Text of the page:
The next album, Pastiche (Atlantic 19163), lived up to its name - a mixture of various musical styles and genres. By this time, the Manhattan Transfer were experimenting with more open voicings and less block harmony, adding new depth to their vocal precision. Between Pastiche's list of Cole Porter and Duke Ellington songs, the Manhattan Transfer collaborated for the first time with JonHendricks, the vocal jazz legend and one-third of the Lambert, Hendricks and Ross vocal jazz group. The collaboration, "Four Brothers," was originally written by Jimmy Giuffre for Woody Herman's Second Herd. For this song, the Manhattan Transfer replicated - using only their voices and Jon Hendricks' lyrics - the melodies of Zoot Sims, Stan Getz, Herbie Steward and Serge Chaloff, Woody Herman's sax section.

Pastiche sold well in Europe, but could climb no higher than #66 on the American album charts. Tim, Alan, Janis and Laurel toured Europe, playing concerts in support of Pastiche, and listening to different music in anticipation of using some new ideas for a new album. "We had just come back from Europe," said Alan, "we were in Europe for a couple of months touring, and we were scheduled to open in the Roxy Theater in Los Angeles, and we had all these new ideas and things that we wanted to present to the public."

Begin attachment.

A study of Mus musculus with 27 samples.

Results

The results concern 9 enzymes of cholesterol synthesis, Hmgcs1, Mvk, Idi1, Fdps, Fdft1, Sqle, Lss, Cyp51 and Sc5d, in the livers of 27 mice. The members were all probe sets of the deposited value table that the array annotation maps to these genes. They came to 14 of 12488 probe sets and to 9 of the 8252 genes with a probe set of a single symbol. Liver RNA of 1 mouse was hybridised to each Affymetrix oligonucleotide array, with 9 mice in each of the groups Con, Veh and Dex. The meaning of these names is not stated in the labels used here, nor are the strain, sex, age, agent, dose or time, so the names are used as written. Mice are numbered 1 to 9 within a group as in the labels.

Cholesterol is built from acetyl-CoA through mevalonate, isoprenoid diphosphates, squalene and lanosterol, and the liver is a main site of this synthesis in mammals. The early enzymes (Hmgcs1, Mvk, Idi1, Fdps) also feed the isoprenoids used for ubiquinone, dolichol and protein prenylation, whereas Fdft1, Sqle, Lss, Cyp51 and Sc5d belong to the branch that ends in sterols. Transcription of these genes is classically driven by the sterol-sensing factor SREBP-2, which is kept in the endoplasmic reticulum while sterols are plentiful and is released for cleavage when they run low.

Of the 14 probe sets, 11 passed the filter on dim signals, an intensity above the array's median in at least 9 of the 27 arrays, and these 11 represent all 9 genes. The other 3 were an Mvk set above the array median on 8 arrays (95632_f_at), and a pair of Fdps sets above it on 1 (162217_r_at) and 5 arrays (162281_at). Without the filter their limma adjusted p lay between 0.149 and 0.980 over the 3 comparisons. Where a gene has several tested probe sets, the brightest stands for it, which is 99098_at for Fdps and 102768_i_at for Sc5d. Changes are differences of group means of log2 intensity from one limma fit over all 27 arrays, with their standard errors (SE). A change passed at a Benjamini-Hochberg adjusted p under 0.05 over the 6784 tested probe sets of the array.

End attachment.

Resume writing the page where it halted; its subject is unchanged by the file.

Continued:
"We were in a very high stressful period," added Janis, "in the sense that we were rehearsing a new show intensely. We were working with Toni Basil on choreography, and it was a lot of new stuff. And we were going so fast, it was literally hitting a brick wall. There were a lot of intense rehearsals. Laurel, I think, fell asleep at the wheel in her car one night - and had a bad car accident."

Laurel Massé's car hit a pole. Besides a broken leg and a broken arm, the accident shattered her jaw, and it was wired shut for about three months. "When she finally came around," said Tim, "and she started getting back out into life again, she said she wanted to try a solo career."

Laurel's solo career included three solo albums, and successful performances at various jazz festivals. "Laurel's still very much active," said Janis. "She's doing a lot of a cappella work, storytelling, that kind of stuff. I spoke with her a few days ago. And during the time of re-evaluation, Laurel decided she didn't want to be in the group any more. It was a very brave decision, and we had to decide whether we wanted to quit ourselves or go on. And we decided to go on."

After Laurel left the group, the rest of the Manhattan Transfer had to make a decision - they knew nobody could replace Laurel Massé - but rather than post full-page cattle-call ads in Variety looking for a new soprano, they put out feelers to friends of theirs, looking for somebody who had the voice, the sass, the total showmanship and dedicated work ethic necessary to be a Manhattan Transfer member.